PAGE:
Tons of hype has surrounded the growth of technology companies in recent years, and still the number one company on the Fortune 500 list remains an old-line manufacturer: General Motors.
One of the company’s major battles in recent years (one that it has been losing) has been to convince younger buyers that its cars are equal to or better than the Japanese and European models the under-50 crowd prefers. Of course, the Internet offers the perfect opportunity for a stodgy old car company to reach younger buyers, and GM has made a formidable effort in the new medium.
The problem is one of clarity, or shall we say, lack of clarity, on that old car-buying bugaboo: pricing. GM has an assortment of sites, and trying to figure out which does what in easing the buying process is a challenge in and of itself; clearly a problem in a medium that is supposed to make buying easier.
At the Buick site, you get the standard productware of pictures and special offers (available online and offline). In March, Buick offered web visitors a $500 rebate via email, suggesting (but not guaranteeing them) a lower price than if they bought via an online referral service; that offer is no longer available.
At the Oldsmobile site, you can “build your own” model, select the model and options and receive a replica of the window sticker showing the suggested retail price. What is the real price? That remains the same old mystery it has always been.
Among other factors, there is also a GM site that enables users to rate themselves in terms of their conservatism in taste, impulsiveness in buying, and need for sportiness. Based on the results, GM suggests several auto possibilities (i.e., a Buick Century for the more conservative and a Corvette for the risk-taker).
But GM’s main initiative for younger buyers appears to be its “GMbuypower” site. Seeking the enormously popular sites that enable individuals to purchase cars at highly attractive prices via the Internet, GM tries to imitate the Autobytels and Carpoints of the world.
In addition, GM does much of what those other sites do: Displaying key features, list prices, and putting the user in touch with a nearby dealer. It even goes the extra step of telling the user how many cars of the type selected are available on a dealer’s lot (not usually critical information, since dealers regularly trade back and forth to make needed cars available).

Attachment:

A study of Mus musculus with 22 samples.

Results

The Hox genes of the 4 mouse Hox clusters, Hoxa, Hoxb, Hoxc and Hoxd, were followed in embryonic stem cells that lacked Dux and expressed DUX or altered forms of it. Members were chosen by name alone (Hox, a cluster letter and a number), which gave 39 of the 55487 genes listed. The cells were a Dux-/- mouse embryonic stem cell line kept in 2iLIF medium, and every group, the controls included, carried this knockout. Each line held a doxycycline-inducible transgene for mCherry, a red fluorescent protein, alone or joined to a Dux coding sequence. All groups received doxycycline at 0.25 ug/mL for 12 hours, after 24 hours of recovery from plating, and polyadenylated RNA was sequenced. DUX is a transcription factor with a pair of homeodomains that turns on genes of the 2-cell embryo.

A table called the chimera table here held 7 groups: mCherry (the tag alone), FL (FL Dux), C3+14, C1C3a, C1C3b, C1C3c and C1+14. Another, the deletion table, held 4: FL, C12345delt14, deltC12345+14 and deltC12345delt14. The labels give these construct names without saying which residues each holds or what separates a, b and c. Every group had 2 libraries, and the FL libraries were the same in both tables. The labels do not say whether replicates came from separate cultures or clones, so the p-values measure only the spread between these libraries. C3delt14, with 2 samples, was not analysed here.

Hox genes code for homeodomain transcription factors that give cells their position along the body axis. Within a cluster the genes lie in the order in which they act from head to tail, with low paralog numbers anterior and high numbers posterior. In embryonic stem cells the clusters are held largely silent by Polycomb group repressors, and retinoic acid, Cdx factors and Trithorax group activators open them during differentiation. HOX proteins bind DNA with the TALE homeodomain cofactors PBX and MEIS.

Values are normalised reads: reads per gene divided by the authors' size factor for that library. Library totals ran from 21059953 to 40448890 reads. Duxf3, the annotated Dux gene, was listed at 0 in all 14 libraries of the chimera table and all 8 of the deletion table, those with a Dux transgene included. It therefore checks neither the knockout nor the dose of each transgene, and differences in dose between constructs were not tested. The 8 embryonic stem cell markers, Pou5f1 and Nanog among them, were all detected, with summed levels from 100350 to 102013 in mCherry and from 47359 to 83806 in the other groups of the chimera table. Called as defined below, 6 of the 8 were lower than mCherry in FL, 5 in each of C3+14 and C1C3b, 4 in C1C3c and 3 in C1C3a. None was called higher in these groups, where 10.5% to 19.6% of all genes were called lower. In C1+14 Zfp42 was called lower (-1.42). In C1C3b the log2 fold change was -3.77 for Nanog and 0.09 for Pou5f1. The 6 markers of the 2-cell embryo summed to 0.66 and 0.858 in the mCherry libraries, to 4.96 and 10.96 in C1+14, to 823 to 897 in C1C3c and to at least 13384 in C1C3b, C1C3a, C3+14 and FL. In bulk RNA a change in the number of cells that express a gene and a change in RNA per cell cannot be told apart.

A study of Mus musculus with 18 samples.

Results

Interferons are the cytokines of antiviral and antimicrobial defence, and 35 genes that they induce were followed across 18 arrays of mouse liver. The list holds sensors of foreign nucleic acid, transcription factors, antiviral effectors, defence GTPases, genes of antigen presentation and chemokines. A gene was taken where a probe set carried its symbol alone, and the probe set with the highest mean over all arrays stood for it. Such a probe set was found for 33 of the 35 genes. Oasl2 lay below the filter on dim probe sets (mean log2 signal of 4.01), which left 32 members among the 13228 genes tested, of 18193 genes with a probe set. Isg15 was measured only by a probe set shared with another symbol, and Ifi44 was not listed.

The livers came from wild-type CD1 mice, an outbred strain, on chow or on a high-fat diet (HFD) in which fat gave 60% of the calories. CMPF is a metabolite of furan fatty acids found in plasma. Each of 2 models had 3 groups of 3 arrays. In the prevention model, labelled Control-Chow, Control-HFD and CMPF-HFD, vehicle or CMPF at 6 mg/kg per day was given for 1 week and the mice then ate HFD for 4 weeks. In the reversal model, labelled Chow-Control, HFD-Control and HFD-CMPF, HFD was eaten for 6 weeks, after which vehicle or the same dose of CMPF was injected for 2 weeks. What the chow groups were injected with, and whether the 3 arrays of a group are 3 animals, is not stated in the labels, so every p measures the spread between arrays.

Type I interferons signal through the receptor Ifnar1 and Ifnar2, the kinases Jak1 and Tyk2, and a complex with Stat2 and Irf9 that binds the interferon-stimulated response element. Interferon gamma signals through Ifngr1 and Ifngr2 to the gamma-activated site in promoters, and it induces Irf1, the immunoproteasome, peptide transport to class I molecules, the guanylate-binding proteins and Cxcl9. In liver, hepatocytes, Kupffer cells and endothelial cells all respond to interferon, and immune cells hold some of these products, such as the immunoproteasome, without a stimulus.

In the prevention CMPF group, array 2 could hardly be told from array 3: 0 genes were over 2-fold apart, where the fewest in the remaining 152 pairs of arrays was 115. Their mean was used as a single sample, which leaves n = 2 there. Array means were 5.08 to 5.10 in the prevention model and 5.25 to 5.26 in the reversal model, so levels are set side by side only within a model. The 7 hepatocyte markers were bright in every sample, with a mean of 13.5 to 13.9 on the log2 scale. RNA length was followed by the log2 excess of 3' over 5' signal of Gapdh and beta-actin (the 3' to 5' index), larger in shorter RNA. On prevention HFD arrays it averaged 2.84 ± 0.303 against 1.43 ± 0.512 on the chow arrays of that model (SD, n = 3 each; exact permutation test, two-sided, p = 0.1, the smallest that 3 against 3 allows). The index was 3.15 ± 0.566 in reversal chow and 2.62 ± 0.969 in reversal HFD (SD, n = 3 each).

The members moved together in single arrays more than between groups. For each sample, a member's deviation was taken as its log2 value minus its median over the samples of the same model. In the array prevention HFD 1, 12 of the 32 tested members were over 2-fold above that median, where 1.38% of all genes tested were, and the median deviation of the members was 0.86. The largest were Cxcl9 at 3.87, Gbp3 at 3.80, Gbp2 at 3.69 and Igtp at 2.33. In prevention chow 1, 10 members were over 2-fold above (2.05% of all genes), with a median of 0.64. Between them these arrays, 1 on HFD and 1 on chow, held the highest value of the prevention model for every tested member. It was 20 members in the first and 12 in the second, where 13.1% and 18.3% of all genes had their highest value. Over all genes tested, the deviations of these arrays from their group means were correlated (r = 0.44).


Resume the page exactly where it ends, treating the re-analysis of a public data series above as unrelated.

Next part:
Unfortunately, the site fails to provide the most important data to many car buyers: Underlying pricing information, including the dealer’s cost for the car and add-on features. So the prospective Chevrolet buyer who asks to be contacted by a dealer is in the same boat as if he or she walked blindly into a GM showroom — having to negotiate with a sales person without benefit of the particulars of the dealer’s cost. If one goes to Autobytel or Carpoint to buy a Chevrolet (or any other make car), he or she is contacted by a local dealer who quotes a price just a few hundred dollars over the dealer’s cost, with no haggling involved.
GM’s problem isn’t unusual among large corporations. Even though it has adopted the bells and whistles of the Internet, it is still fundamentally conducting business the old way. It doesn’t appreciate the fact that if you are going to create a cool site, you have to plunge in all the way, not 85 percent of the way.
By failing to provide dealer cost data, it is essentially telling increasingly savvy Internet buyers that they’ll need to go to Autobytel, Carpoint, or some other third-party service for the information they really want, at which point, most will likely decide to do their shopping from the non-GM site. If you’re going to send prospects to another site to do their shopping, you might as well not have a commerce-oriented site.
Okay, maybe it’s expecting too much of a major corporation to post its wholesale prices (even though many other sites already do), but it isn’t expecting too much of the company to try to involve prospects and customers in an ongoing relationship, since that doesn’t require baring your soul. And here, GM comes up especially short.
Even though I’m not a GM customer, I might well become one if I could keep up via email on the company’s progress developing electric cars, planned safety features for new cars, and upcoming computerization features. By visiting one or more of its sites, I’ve demonstrated interest in a relationship, but GM doesn’t take the cue. It never seeks out my email address, choosing instead only here-and-now communication; offering to have a dealer call me or providing me an 800-number for more information.